Opposition fighters, their families and other civilians began leaving their last bastion in the Syrian city of Homs today, state media and a Reuters witness said, under an evacuation deal with the government expected to be among the largest of its kind.
The first few buses carrying opposition members and their families drove out of the long-besieged Al-Waer district in the morning, heading for opposition-held areas northeast of Aleppo city.
Homs governor Talal Barazi told Reuters around 1,500 people would depart for the Aleppo countryside on Saturday, including at least 400 fighters.
Russian and Syrian regime forces were overseeing the evacuation, and the full departure of rebels from Al-Waer would take about six weeks, he said.
"The preparations and the reality on the ground indicate that things will go well," Barazi said.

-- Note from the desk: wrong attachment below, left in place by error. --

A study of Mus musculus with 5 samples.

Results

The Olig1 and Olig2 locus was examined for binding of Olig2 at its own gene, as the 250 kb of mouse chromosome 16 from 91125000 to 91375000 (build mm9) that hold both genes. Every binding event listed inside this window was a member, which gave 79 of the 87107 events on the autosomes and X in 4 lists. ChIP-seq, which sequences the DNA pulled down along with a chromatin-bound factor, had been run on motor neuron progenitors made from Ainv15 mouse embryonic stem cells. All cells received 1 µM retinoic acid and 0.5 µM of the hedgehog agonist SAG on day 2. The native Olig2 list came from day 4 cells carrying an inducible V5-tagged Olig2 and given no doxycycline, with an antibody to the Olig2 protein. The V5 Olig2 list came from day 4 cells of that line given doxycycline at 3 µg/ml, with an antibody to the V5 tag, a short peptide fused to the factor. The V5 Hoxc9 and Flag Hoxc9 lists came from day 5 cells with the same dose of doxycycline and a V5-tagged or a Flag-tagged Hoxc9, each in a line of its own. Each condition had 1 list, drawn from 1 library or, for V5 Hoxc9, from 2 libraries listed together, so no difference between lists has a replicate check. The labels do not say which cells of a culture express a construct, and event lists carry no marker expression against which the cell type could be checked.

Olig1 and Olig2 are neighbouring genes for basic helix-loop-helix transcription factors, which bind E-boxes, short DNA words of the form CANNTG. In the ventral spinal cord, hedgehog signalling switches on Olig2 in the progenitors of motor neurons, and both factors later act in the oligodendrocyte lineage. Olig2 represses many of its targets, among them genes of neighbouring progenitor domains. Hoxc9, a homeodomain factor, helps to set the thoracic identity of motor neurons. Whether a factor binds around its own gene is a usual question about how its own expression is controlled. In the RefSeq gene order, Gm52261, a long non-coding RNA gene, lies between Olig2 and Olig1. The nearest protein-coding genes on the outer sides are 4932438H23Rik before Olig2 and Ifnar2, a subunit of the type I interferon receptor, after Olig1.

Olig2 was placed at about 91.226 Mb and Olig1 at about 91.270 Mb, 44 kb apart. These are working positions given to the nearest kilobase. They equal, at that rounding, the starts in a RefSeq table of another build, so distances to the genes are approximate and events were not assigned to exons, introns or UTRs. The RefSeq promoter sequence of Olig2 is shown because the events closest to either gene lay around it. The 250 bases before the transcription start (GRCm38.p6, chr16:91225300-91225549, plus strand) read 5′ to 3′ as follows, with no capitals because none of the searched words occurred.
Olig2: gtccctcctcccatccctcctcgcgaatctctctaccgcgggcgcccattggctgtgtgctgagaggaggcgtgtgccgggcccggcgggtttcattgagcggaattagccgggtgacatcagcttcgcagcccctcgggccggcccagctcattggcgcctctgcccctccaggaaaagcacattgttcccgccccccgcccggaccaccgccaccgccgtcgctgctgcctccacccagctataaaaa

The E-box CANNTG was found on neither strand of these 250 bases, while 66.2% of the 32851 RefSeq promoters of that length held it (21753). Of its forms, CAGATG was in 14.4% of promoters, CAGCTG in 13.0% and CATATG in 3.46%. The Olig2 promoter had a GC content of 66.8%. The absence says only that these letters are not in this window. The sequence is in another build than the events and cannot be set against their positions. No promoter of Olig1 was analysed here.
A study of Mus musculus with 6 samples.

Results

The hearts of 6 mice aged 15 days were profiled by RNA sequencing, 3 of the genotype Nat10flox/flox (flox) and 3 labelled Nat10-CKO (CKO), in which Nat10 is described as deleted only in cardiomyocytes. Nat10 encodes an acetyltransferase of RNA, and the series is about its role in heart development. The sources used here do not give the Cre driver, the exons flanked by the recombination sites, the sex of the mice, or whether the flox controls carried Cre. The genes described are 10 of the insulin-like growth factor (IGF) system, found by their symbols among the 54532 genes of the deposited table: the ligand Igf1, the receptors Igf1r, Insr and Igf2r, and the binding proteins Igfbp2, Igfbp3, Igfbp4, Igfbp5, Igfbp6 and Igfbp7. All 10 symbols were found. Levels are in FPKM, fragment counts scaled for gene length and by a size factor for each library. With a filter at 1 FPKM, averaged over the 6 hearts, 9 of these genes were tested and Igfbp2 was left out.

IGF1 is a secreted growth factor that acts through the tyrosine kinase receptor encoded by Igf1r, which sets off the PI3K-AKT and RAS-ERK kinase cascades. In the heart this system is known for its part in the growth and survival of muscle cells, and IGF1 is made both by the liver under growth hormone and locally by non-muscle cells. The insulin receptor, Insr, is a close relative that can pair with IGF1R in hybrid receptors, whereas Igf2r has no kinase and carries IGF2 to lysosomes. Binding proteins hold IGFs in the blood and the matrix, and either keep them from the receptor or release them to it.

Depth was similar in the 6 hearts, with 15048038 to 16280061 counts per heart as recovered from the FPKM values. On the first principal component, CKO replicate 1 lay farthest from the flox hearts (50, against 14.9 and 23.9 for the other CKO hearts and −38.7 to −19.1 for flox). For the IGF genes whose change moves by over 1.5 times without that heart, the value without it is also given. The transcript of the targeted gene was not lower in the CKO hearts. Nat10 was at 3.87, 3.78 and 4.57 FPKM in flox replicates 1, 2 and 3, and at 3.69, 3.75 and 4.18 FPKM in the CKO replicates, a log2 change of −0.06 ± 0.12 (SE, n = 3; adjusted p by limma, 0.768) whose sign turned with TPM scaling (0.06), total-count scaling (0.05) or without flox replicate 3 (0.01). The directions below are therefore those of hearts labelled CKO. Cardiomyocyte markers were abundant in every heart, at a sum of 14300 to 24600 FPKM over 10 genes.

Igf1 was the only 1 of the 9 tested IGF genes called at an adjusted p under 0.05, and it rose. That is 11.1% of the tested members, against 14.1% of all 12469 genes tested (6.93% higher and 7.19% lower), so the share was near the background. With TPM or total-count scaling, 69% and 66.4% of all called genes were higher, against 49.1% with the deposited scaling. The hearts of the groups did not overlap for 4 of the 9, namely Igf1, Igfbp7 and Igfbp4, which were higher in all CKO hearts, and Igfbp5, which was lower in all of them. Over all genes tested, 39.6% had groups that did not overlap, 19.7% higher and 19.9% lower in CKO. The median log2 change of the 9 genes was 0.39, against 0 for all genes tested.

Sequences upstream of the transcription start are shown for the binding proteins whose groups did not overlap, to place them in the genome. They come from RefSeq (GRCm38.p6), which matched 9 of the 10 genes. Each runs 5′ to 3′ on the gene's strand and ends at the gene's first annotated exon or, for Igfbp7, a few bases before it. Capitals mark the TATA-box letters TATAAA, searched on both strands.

Such deals normally come after months of heavy bombardment with artillery, barrel bombs and Russian aircraft.
The Assad regime describes such deals as a good way of bringing the country closer to peace after six years of conflict. But the opposition decries them as a tactic of forcibly displacing people who oppose Al-Assad after years of bombardment and siege.
Under the Al-Waer deal, between 10,000 and 15,000 people would evacuate in batches over the coming weeks, according to a war monitor and the opposition Homs Media Center.
The Syrian Observatory for Human Rights (SOHR), a Britain-based monitoring group, said the buses would go to the Jarablus area in the north, held by Turkey-backed fighters.
Once completed, it would mark the biggest evacuation during the war out of one Syrian district, which is home to about 40,000 civilians and more than 2,500 fighters, the monitoring group said.
The deal follows other agreements that were never fully implemented between the government and opposition groups in Al-Waer, which has been pounded by airstrikes in recent weeks.